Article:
Jeffery Beam ("Self-Portrait") is the author of The Golden Legend, Midwinter Fires, nominated for a 1990 Pushcart Prize, The Fountain, nominated as a 1992 ALA Notable Book, and Visions of Dame Kind. Born and raised in Kannapolis, North Carolina, Mr. Beam now lives in rural Orange County.
Joe Bolton's ("In Pieces" & "Towards Twenty-Four") work has appeared in The Antioch Review, The North American Review, Poetry, and The Yale Review. Breckinridge County Suite, a prose poem, was published by The Cummington Press in 1989. Days of Summer Gone was published by The Galileo Press in 1990. Mr. Bolton was born in 1961 in Cadiz, Kentucky, and died in 1990. His MA thesis, which includes Breckinridge, Days, and the two poems featured in this issue, is available at the Special Collections Library, University of Florida.
Chad Driscoll ("Days of Summer Gone: This is One of Them") is a graduate instructor of English at the University of New Orleans. He reads widely in all things Erotic or German, Irish or Southern. Mr. Driscoll is most happy when he is wasting precious time and money.
Kelly Jo Garner ("Coffee") decided to stay an extra year at the University of North Carolina in order not to stress herself out too horribly and so that she might actually obtain an education instead of a whirlwind tour through the academic system. Ms. Garner is a transplant from New York. When asked what kind of future she expected, she replied, "A very short one."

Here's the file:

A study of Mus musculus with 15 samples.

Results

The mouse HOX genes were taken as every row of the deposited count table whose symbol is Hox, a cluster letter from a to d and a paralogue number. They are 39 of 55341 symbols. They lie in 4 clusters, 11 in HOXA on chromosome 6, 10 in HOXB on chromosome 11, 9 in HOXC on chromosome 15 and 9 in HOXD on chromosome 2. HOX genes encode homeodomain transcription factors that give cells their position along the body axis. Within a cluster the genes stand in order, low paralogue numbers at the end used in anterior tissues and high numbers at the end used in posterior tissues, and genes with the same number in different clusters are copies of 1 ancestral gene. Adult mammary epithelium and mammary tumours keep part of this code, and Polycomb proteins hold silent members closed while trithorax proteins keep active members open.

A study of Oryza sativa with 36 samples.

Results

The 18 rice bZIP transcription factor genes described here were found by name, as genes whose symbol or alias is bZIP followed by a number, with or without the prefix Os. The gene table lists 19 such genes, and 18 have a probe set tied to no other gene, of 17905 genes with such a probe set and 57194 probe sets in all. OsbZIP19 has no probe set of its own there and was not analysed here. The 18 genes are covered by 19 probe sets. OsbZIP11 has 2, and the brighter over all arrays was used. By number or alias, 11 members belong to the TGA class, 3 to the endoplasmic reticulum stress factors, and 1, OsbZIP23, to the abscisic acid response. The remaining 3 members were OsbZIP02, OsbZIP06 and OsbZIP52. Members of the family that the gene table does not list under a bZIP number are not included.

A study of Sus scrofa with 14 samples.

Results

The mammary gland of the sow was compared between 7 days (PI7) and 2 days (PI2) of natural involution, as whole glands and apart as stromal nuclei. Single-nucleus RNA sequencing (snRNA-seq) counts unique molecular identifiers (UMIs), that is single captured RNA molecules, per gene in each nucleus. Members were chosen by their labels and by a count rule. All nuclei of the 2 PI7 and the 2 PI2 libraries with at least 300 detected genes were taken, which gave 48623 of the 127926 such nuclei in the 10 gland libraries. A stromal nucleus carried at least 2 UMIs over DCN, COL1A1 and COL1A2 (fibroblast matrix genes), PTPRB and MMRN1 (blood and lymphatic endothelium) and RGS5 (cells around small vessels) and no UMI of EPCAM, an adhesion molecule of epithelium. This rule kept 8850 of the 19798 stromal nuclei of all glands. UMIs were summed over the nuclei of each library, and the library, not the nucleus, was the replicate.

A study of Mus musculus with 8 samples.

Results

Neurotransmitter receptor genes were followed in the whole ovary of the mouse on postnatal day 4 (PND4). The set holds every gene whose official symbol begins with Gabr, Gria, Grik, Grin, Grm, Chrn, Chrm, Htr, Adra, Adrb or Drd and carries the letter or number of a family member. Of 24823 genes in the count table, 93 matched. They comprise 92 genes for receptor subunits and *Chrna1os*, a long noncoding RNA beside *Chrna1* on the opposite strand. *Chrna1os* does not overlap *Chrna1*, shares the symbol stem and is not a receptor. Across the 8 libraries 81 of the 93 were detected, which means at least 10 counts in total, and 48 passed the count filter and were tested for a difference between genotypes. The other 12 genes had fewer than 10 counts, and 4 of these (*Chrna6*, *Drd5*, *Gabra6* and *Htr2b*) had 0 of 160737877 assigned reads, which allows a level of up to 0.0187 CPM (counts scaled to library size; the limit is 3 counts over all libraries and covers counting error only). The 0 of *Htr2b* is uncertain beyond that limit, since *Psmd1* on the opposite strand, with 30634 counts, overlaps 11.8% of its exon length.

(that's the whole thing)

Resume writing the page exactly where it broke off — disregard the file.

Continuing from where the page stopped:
Lucy Harrison ("Ephemera") is a graduate student at Florida State University in Tallahassee. Originally from England, Ms. Harrison has been living in Florida for the last seven years. Her story, "Fine," appeared in the February 1994 issue of Oyster Boy Review.
Jay Jansheski ("Untitled") contributed cover art and other illustrations for OBR 2, 3, 4, 6, and 15. View more of his work at Very Dog!.
James G. Koch ("First Snow") lives in Pittsboro, North Carolina.
Jack Leg ("Bits of Paper") is a pseudonym.
Kevin McGowin ("A Gorilla On Anti-Depressants Ain't No Good Gorilla At All" & "Walking the Rope") lives in Gainesville. His writing has been published in numerous magazines. Two poems, "Digging Up Wallace Stevens While High On Two Hits of X" and "Evening Song," appeared in the February 1994 issue of Oyster Boy Review.
Jennifer M. Pierson ("a modern day David in a cafe") was born in New York in a Times Square hotel and raised by nuns and old vaudevillians. Her poems have appeared in Half Tones to Jubilee, Metropolitan, and Voices. Ms. Pierson has poems upcoming in the New Rivers Press Anthology of American Prose Poets.
Bridget Regan ("Almost There") now lives in Carrboro, North Carolina.
Damon Sauve ("Editor's Note") lives in Chapel Hill, North Carolina.